I had the opportunity to talk for a few minutes at the recent Global CIO Institute day held in London this last week. It was so good to present to real people for a change!
The day was generally about Innovation, Automation, Artificial Intelligence, Digital Transformation and all the other topics currently on the mind of the "C level" technology executives.
I had a difficult task of talking about something that is not trending or glamorous. It is just real world practicality. Boring. I know. But we have to discuss it.
Most Of This Relates To Change. Change Is Hard.
Thinking about change and doing it are often 2 different things and most people need some kind of catalyst to make that change. I have been intending to change and go on a diet every Monday for about 10 years now. But nothing has really happened to force me to do it, even though I know it will be good for me. I have had many catalysts for change in my personal life that caused me to actually get up and do something and I am sure you have had to.
Businesses are no different. We have had one of the biggest catalysts of our generation happen. The global pandemic forced businesses to change the way they do business, interact with customers and the way their people engage and work for them.
Technology people have been at the coal face of this. We have had to move users to work remotely, get applications accessible from anywhere, upgrade telephony systems, enhance networks, implement collaboration tools and the list goes on and on. Without the technology department, many businesses would not have been able to weather this storm.
Temporary Becomes Permanent
A massive challenge we face is that many of these solutions were envisaged to be temporary for a few months at most. We are now years down the line and those temporary solutions have become permanent and there are realities around Data Protection, Data Resiliency, Security, Access, Identity Management and User Experience that we may not have dealt with fully. Those chickens will come home to roost at some point.
In a world of easy Cloud deployment, "Next, Next, Next" is your enemy and NOT your friend.
This example of a customer who moved an application to Azure to quickly respond to requirements brought on by the pandemic found this out in a very expensive way.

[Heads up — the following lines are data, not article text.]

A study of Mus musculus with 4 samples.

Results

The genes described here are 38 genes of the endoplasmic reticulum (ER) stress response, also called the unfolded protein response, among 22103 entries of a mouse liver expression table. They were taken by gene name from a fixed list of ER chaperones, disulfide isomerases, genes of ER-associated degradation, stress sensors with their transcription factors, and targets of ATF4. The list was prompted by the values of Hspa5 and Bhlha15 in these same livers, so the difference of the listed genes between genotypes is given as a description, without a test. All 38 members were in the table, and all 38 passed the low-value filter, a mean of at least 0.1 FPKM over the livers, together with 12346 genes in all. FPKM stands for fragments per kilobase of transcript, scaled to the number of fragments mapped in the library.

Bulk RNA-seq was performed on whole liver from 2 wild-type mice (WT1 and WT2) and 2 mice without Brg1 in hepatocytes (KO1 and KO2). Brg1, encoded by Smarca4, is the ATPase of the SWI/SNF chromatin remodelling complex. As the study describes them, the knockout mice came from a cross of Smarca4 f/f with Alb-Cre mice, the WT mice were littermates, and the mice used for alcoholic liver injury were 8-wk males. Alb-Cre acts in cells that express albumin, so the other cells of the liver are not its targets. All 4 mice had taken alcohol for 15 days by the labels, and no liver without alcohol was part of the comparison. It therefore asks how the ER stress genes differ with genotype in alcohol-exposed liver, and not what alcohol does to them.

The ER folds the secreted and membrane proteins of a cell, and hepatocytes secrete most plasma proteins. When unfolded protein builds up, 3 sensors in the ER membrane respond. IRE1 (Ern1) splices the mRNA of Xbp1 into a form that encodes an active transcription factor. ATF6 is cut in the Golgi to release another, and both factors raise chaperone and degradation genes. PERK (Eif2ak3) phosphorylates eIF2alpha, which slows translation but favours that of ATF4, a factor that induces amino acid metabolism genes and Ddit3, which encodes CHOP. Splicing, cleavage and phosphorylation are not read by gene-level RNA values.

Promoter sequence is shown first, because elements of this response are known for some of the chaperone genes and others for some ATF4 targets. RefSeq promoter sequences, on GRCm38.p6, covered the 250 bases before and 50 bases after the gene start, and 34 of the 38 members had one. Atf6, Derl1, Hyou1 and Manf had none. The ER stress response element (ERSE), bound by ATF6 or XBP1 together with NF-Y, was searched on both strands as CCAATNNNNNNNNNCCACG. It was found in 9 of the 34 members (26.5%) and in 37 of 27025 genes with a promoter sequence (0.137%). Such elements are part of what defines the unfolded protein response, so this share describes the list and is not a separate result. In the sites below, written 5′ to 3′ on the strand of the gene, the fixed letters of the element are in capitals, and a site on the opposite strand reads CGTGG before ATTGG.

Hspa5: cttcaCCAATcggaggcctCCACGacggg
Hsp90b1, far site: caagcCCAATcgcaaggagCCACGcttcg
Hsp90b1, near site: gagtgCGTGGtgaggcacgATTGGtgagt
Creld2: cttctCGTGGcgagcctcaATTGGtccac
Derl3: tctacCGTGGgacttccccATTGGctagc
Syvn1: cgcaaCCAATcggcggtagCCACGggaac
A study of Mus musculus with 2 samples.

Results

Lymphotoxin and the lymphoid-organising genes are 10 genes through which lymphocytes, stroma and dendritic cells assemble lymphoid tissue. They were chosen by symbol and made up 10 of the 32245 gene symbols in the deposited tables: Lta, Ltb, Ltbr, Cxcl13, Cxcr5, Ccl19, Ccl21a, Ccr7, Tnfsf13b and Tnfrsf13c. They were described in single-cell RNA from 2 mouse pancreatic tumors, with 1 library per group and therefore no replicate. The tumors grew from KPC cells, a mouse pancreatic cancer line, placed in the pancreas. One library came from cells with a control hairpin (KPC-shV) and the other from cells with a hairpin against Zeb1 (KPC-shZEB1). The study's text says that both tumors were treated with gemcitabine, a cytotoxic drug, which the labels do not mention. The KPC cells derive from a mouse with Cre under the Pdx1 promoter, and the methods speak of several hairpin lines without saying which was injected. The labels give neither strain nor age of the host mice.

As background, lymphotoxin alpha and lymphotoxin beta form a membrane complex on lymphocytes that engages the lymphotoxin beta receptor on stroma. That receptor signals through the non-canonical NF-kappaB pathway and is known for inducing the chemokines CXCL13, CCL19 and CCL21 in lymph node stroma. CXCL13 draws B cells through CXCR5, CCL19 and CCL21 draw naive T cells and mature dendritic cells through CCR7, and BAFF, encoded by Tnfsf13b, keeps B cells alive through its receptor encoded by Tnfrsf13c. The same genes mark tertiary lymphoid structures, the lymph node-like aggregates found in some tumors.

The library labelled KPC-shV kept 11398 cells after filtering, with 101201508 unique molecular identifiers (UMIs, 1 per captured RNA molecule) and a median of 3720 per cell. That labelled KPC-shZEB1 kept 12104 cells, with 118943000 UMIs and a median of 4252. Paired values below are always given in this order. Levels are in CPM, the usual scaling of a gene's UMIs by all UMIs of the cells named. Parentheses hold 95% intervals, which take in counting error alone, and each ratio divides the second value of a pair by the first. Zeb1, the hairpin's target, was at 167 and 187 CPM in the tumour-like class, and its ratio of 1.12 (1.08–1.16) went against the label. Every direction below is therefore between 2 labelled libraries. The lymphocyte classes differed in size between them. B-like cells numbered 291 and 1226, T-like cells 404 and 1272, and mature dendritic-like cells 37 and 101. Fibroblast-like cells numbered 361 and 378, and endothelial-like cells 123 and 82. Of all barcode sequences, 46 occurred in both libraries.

They experienced application performance problems. The first response was to throw more resources at it. That didn't work. It must be the Database then? So DBA's were called in to tune and optimise it. Same issue. What we spotted was that the servers were quickly set up, but with no regard given to networking and the fundamental aspect of how things talk to each other. The Application Server was talking to the Database Server by breaking out over the internet. Not ideal and a quick fix. That solution is now permanent and actually running on less resources than when it was on-premises.
What Does This Have To Do With Innovation?
It is very difficult to innovate and change when you have a poor base to work from. When technical complexity, cost, time and user experience get in the way, our initiatives will fail. We term this "Technical Debt"...and its damn expensive in the long run.
One of the biggest factors in deploying new killer apps is the users rejecting it. They have a very short attention span and a bad experience sends them back to "we like it the way it was".
The Cloud Myth
Many people have moved on-premises application like SharePoint to SharePoint Online and adoption of OneDrive and Teams has increased massively. We are now faced with the issue of ensuring the data in the Cloud is protected. "But it is in the Cloud, it is safe" is what we often encounter. That is simply not true.
You are responsible for your data and making sure it is secure and available. Even the biggest cloud vendors recommend 3rd party tools to backup your information because they are not going to take responsibility for it. You need to make sure you have adequate controls, processes and tools in place to make sure that you have both availability of systems and data should it be required.
Many of these things are not exciting. I know that. They are however necessary to discuss and be aware of. This is not the sexy stuff that makes it onto presentations to the board. This is the mechanics that allow that sexy stuff to work.
I like to use this analogy often and my marketing team hates me for it, but I can't think of a better analogy... You can have the most beautiful building or home in the world. But if your toilets don't flush, none of it really matters as you are going to be covered in....poop.